Playing With A Covert Clock Camera


We are all here because of the same driving force: curiosity. Especially when you have access to a covert camera made in China that’s running a Wifi hotspot.

What we are looking at is: 10:A4:BE:4A:69:E0 (Shenzhen Bilian Electronicltd). We could not crack the device open but are willing to bet its running this chip here.
The clock ran channel 11 which we think is a little bit less suspicious than channel 1. Think about how many half assed devices run on channel 1 out of the box. Running HTTP on port 80 the black ops clock from China offers both browser and smartphone accessibility. Something odd is that its SSID is CH101xx-644212DAxxxx-OEECxx (obfuscated) yet after one reset it changed itself to RT2860AP and then back to the CH101 SSID. Its now running a Realtek chipset!? There is a few of these SSID’s running around the Bay Area with a lookup on Wigle. Post setup you can turn the wireless off which is handy or simply rename it: “Williams iPhone” or “Android-AP” might not gather too much attention except if you had a closer look at the MAC address.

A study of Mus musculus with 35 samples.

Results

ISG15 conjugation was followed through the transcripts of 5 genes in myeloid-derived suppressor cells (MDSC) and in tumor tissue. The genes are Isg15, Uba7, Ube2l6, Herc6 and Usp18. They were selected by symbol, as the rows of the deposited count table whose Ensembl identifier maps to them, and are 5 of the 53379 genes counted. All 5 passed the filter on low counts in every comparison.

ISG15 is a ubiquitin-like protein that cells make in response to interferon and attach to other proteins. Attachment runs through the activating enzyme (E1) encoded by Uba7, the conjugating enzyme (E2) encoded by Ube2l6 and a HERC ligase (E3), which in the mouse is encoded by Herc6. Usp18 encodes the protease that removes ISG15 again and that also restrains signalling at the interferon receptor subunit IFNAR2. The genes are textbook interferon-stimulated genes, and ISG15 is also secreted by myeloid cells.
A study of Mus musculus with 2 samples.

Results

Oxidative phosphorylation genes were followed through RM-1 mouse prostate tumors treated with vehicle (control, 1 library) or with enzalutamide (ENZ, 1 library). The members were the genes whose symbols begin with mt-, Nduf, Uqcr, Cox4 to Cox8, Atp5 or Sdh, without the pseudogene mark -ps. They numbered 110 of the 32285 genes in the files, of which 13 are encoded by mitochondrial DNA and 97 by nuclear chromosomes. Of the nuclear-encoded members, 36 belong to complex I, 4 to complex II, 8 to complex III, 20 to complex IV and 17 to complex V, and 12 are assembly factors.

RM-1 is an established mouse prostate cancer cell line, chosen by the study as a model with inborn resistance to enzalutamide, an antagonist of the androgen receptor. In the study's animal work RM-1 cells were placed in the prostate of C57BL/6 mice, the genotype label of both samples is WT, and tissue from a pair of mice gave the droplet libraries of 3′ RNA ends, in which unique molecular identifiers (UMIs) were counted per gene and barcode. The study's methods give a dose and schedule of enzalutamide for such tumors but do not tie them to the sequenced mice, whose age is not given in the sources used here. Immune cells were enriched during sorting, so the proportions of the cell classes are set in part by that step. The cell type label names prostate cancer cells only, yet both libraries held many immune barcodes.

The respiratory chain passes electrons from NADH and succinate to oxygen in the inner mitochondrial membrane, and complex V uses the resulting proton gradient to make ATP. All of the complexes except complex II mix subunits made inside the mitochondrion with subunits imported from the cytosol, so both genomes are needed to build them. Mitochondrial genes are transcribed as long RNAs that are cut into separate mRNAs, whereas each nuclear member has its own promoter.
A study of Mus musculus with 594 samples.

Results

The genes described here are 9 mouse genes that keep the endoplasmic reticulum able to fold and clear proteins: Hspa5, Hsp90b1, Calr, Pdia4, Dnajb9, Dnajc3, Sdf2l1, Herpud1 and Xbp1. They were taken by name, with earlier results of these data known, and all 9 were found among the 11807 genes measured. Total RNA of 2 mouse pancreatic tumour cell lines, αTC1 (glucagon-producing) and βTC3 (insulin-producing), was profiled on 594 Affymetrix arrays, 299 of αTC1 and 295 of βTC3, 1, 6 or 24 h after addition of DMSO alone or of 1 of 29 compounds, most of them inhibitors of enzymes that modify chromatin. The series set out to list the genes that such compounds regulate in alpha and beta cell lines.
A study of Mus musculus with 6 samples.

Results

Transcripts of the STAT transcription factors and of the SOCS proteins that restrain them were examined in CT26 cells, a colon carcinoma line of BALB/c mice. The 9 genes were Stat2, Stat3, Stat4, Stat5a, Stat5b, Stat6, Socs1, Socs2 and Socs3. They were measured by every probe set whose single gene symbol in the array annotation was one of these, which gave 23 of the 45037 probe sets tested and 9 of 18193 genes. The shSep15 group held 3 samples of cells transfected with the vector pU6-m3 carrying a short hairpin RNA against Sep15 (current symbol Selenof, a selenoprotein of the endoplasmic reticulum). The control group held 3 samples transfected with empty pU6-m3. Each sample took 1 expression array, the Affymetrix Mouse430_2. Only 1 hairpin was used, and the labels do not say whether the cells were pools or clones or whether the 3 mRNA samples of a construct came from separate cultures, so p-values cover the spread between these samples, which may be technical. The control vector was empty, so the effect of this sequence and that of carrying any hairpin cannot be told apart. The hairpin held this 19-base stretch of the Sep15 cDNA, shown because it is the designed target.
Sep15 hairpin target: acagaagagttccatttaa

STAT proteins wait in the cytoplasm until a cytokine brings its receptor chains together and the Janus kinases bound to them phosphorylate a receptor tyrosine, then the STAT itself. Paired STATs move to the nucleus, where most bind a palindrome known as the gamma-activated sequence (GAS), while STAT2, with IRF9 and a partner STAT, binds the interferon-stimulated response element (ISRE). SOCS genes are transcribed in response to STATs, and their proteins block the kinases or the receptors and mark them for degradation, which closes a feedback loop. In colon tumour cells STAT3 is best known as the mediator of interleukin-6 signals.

A clock with the wrong time would hardly be covert and this one relies on NTP. Annoyingly it wont retain the correct time after a restart even though the device remembers it was set to your default time zone. In the Time menu you have to manually click a button for it to sync. There are no external buttons to adjust the time so if it goes off someone will inspect it and arouse suspicion since they cannot physically adjust it. When the battery power is depleted it displays an 8 instead of powering off. Another giveaway that its not an actual clock.

In the guts of the covert cam you can see 2 LED’s one red to indicate power to the board and one blue LED meaning the device is powered up. In the menu you can set these to either flash or turn off which is good because what normal clock has a different colored light emanating from the back of it (the front clock display is in blue).


Is the clock on my desk a covert cam? Turn your cell phone LED torch on and shine it at the panel. There is a lens and a row of what looks like UV LED’s. The camera obviously has these UV LED’s much like a CCTV unit that will fire them up in low light conditions. However in low light conditions the UV’s do not kick in. Its not clear how the camera even knows there is a low light condition because no sensor is evident. The menu also suggests it has motion activation yet that never worked. The Li-ion battery was no good and only held a charge for around 2 hours even though its physically far larger than a small or medium sized smartphone battery.


The built in mic has such poor recording quality you may as well turn it off because when using one you always need a clean source. Audio is only ever as good as its source. All video files are given a timestamp overlay which is useful, saved as .avi and also writes the timestamp into the filename. When we return the clock our review will be: “The only thing you are catching with this device is a headache”.